Migration conference calls for recognition of regions in post-2020 EU migration and asylum policies
by site_author | 11 Μάιος, 2018
The CPMR and its member, the Attica region, held a high-level conference in Brussels on 23 April to raise awareness among the EU institutions on the importance of multi-level governance and the involvement of regional authorities in tackling issues related to migration and asylum.
The Conference on ‘Migration and the Role of Regions’, held at the European Committee of the Regions (CoR), was attended by over 120 people and involved key speakers from local and regional authorities, EU Institutions and other key stakeholders and organisations, including the OECD and ICMPD.
High level speakers included Dimitrios Papadimoulis, Vice President of the European Parliament, Mercedes Bresso, Member of the European Parliament, Christos Stylianides, EU Commissioner for Humanitarian Aid & Crisis Management, Yoomi Renström, Member of Ovanåker Municipal Council and the Committee of the Regions, Ioannis Balafas, Deputy Minister for Migration Policy, Greece, and Rena Dourou, Governor of the region of Attica, representing both the CPMR and the Congress of Local and Regional Authorities.
Discussions focused on the implementation of the 2015 EU Agenda on migration, the recast Common European Asylum System and the external dimension of migration policies. The meeting also highlighted the experiences and visions of the CPMR’s regions in relation to the reception and integration of migrants and refugees, as well as cooperation actions.
Several CPMR member regions attended the meeting, with eight of them undertaking specific roles due to their representation at political level (regional ministers and governors in charge of migration and governors): Attiki, Region Skåne, North Aegean, Tuscany, Catalonia, Sardinia, Murcia and Asturias.
They presented outstanding regional experiences such as the ‘spread’ reception system in Tuscany described in its White paper and elaborated through an effective participatory process, the innovative multilevel reception and integration system ‘Partnership Skåne’, and the intercultural integration model in Catalonia, based on interaction, which aims to create citizens through the recognition of rights.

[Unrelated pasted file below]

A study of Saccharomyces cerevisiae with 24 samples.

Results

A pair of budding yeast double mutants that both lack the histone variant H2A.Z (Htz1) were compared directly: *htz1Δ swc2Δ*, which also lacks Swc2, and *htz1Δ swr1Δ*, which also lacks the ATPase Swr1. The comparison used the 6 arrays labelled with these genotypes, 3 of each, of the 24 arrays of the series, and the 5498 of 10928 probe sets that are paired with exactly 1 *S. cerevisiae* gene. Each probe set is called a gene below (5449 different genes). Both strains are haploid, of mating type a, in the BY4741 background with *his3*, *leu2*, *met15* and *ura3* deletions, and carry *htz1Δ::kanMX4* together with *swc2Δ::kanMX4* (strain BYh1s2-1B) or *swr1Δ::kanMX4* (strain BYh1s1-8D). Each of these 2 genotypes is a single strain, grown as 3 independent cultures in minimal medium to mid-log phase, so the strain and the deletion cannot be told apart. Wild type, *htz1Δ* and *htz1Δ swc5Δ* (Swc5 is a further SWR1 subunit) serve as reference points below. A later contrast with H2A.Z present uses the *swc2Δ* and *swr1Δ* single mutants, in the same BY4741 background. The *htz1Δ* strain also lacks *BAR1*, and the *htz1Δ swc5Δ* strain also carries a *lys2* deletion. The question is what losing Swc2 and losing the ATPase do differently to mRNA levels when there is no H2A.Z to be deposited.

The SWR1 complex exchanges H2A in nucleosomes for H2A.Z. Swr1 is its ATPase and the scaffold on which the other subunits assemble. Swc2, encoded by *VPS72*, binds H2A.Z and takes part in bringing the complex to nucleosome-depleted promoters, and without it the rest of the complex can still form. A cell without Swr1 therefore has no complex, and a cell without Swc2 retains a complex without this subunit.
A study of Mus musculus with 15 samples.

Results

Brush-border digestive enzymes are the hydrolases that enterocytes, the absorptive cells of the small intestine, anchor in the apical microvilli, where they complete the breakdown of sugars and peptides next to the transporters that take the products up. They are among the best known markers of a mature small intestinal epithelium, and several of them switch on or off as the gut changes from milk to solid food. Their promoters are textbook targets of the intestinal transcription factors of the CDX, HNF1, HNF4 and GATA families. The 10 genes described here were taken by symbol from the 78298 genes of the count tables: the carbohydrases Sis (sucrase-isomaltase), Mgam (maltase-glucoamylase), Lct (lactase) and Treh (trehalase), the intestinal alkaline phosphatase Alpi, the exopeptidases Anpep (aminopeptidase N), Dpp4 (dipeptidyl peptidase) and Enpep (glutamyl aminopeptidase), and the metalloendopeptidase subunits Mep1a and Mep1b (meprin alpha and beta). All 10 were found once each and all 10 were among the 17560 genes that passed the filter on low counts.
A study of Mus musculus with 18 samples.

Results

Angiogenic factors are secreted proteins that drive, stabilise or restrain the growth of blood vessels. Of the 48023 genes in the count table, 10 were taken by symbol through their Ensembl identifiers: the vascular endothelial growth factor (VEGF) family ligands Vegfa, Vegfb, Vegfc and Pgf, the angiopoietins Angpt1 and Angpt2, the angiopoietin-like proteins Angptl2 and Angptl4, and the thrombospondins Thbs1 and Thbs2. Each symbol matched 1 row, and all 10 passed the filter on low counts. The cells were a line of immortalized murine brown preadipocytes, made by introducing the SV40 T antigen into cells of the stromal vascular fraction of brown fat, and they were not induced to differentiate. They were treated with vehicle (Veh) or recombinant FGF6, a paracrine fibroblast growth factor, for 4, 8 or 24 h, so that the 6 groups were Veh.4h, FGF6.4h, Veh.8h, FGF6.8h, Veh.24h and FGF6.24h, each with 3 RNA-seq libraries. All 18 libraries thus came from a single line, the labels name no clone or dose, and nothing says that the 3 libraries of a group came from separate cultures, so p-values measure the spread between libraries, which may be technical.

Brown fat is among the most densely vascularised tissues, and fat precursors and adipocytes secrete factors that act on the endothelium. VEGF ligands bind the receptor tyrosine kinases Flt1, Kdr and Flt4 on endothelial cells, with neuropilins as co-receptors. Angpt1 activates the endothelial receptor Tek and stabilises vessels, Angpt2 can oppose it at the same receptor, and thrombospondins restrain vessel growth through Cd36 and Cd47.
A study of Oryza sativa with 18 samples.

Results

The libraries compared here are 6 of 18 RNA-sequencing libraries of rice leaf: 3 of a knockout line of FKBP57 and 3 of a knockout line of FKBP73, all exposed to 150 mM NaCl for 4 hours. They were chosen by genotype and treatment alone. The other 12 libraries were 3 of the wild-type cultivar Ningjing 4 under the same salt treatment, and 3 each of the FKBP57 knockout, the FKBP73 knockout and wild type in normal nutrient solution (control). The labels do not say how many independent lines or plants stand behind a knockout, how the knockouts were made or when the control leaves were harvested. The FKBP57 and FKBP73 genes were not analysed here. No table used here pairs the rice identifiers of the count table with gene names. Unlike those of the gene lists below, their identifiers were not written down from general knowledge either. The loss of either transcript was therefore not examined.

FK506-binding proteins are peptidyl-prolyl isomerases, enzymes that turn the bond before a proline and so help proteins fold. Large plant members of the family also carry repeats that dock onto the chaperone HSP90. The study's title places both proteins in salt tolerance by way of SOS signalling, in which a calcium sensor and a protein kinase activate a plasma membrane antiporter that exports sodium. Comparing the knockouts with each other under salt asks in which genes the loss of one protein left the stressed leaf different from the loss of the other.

Asturia’s support for Syrian and Iraqi people living in Zaatarí refugees camp was also highlighted, along with Sardinia’s cooperation approach in the Mediterranean, for cooperation with origin countries.
Rena Dourou, Governor of the Region of Attica, said: “Local and Regional Authorities of EU countries such as Italy, Spain and Greece are called upon to address the migrant phenomenon, whilst ensuring social cohesion and tackling the rise of xenophobia. We are doing well to some extent, proving how our role may be vital. For, we represent links on the chain of a common EU immigration and asylum policy at all three levels of governance: European, national, local and regional.”
“Today, more than ever, there is an urgent need for this chain to be strengthened, in the form of a new, cohesive European policy based on fair sharing of responsibility for addressing this phenomenon.”
The CPMR Issue paper on ‘Migration and Asylum in EU Regions’ was presented at the conference by Anna Terrón, President of Instrategies and consultant for the CPMR on migration issues.
This paper calls for the reform of EU Migration and Cohesion policies and their financial instruments for the post-2020 period, to increase acknowledgement on the added value and potential of the role of regions.
It provides evidence and recommendations on why regions should be given the resources and why they say they need to help manage migration and asylum more effectively on the ground, particularly when it comes to the reception, integration of migrants and refugees, or diversity management, in a more integrated EU space.
Speaking at the meeting, CPMR Secretary General, Eleni Marianou, said: “Now is the moment, given the announcement of the EU budget proposals, for a more streamlined situation, where the integration and reception of migrants, already happening in regions, could be funded more effectively through a reformed EU migration policy. To this extent, cooperation between all levels of government is crucial.”
Paraskevi Michou, Director General, DG Migration and Home Affairs of the European Commission stressed that “integration, which is a key element for security and social cohesion, cannot happen without the help of local and regional authorities”.